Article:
Josef Fritzl was a 73-year-old retired engineer in Austria. He seemed to be living a normal life with his wife, Rosemarie, and their family—though one daughter, Elisabeth, had decades earlier been "lost" to a religious cult. Throughout the years, three of Elisabeth's children mysteriously appeared on the Fritzls' doorstep; Josef and Rosemarie raised them as their own. But only Josef knew the truth about Elisabeth's disappearance…

For twenty-seven years, Josef had imprisoned and molested Elisabeth in his man-made basement dungeon, complete with sound-proof paneling and code-protected electric locks. There, she would eventually give birth to a total of seven of Josef's children. One died in infancy—and the other three were raised alongside Elisabeth, never to see the light of day.

Then, in 2008, one of Elisabeth's children became seriously ill, and was taken to the hospital. It was the first time the nineteen-year-old girl had ever gone outside—and soon, the truth about her background, her family's captivity, and Josef's unspeakable crimes would come to light.
John Glatt's Secrets in the Cellar is the true story of a crime that shocked the world.

March 3
St. Martin's Publishing Group

Customer Reviews

Whayek ,

I had nightmares

This is a wonderful read. My heart goes out to Elisabeth and her children.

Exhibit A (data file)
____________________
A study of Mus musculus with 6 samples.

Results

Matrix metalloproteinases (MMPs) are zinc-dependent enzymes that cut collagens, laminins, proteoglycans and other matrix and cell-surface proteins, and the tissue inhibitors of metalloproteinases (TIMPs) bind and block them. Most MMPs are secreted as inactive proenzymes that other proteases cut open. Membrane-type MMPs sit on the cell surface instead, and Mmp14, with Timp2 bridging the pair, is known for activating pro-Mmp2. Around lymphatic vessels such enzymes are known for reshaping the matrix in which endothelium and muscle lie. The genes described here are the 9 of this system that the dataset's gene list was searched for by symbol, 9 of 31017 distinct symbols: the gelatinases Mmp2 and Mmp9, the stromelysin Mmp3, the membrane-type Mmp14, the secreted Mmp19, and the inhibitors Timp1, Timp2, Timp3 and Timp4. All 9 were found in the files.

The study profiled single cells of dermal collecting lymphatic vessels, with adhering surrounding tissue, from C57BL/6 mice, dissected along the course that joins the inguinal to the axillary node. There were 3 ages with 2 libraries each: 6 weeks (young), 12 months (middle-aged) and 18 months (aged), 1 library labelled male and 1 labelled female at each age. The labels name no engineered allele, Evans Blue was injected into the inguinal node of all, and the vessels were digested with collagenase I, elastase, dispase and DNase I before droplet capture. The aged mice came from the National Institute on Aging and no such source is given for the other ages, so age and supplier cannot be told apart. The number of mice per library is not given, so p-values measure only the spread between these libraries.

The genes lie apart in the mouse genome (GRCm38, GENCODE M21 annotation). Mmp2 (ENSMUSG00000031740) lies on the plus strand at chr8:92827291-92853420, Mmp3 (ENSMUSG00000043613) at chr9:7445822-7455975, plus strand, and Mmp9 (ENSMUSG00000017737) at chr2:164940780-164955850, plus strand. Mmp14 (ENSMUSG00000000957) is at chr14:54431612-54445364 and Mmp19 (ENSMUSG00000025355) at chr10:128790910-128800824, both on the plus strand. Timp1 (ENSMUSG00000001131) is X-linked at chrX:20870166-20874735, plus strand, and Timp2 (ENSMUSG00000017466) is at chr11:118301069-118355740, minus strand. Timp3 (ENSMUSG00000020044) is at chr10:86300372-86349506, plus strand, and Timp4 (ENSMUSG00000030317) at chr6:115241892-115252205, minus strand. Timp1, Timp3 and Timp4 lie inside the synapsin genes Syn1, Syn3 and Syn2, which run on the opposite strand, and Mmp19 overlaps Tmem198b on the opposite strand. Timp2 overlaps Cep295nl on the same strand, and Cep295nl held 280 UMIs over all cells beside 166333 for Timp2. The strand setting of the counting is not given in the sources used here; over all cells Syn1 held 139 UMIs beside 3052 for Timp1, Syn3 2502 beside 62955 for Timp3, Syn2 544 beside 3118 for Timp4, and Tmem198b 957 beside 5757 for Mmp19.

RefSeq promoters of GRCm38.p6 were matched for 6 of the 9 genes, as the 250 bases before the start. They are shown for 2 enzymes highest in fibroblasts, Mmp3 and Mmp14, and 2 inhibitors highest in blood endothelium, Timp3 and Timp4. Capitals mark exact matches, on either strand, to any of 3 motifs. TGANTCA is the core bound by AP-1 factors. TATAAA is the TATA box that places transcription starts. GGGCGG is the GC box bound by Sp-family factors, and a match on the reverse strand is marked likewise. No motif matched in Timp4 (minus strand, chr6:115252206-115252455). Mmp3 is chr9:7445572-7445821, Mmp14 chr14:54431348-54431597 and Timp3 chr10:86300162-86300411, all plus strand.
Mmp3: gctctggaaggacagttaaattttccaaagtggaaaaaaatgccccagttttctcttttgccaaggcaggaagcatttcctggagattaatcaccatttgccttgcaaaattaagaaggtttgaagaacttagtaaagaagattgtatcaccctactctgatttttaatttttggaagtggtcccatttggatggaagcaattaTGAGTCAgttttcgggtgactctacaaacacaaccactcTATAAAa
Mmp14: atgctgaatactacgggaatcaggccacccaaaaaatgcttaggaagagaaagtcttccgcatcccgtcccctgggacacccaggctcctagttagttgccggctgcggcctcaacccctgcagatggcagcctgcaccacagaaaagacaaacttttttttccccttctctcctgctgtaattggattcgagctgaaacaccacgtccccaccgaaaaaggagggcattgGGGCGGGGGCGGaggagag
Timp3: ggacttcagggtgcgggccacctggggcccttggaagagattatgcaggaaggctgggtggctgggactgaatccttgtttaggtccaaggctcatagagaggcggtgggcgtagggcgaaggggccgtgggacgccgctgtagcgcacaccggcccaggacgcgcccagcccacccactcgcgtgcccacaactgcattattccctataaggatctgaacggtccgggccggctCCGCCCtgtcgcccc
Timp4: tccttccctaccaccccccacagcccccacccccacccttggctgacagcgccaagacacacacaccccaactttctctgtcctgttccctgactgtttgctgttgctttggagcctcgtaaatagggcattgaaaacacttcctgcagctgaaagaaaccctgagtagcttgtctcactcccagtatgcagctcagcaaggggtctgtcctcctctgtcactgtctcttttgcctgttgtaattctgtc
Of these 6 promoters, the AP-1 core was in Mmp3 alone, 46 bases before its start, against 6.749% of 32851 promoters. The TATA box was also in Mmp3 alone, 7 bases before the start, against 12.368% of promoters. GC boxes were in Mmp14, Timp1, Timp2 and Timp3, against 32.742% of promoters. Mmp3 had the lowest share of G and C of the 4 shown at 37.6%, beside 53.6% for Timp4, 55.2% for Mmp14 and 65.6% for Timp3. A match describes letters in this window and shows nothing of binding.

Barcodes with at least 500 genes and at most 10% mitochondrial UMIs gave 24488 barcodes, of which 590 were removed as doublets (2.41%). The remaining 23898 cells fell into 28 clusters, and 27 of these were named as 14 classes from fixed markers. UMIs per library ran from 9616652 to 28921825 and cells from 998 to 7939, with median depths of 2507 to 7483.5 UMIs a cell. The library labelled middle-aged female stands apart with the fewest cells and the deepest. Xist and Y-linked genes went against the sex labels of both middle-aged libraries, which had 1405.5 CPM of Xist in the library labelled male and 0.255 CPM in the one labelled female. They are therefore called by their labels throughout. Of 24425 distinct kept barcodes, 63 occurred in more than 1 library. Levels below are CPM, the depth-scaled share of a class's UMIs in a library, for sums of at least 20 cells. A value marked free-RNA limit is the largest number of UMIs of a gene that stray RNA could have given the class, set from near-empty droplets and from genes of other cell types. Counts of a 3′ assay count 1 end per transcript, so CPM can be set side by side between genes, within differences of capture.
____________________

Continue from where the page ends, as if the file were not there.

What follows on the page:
Even though the book is very interesting, I only gave 4 stars because there was so much repetition.

I thank the writer for bringing this story to me. :)

0098472729394 ,


i did really like this book. i wish there would have been a clearer ending- like how are elisabeth and her children today. what ended up happening to her mother and father. kind of repetitive, but overall it was very well written! thanks to the writer for bringing this story to the world.

Lil Jay:) ,

Couldn’t put my phone down!

Such an emotional book. I am in awe of how Elisabeth managed to pull through so many years of being locked in the cellar and being capable of birthing and raising her family alone in the cellar in a slow-like moving frame while the world upstairs continued at a fast pace course. It’s a must read, it gives a great insight of those who are interested in psychological understandings of both the perpetrators and their victims.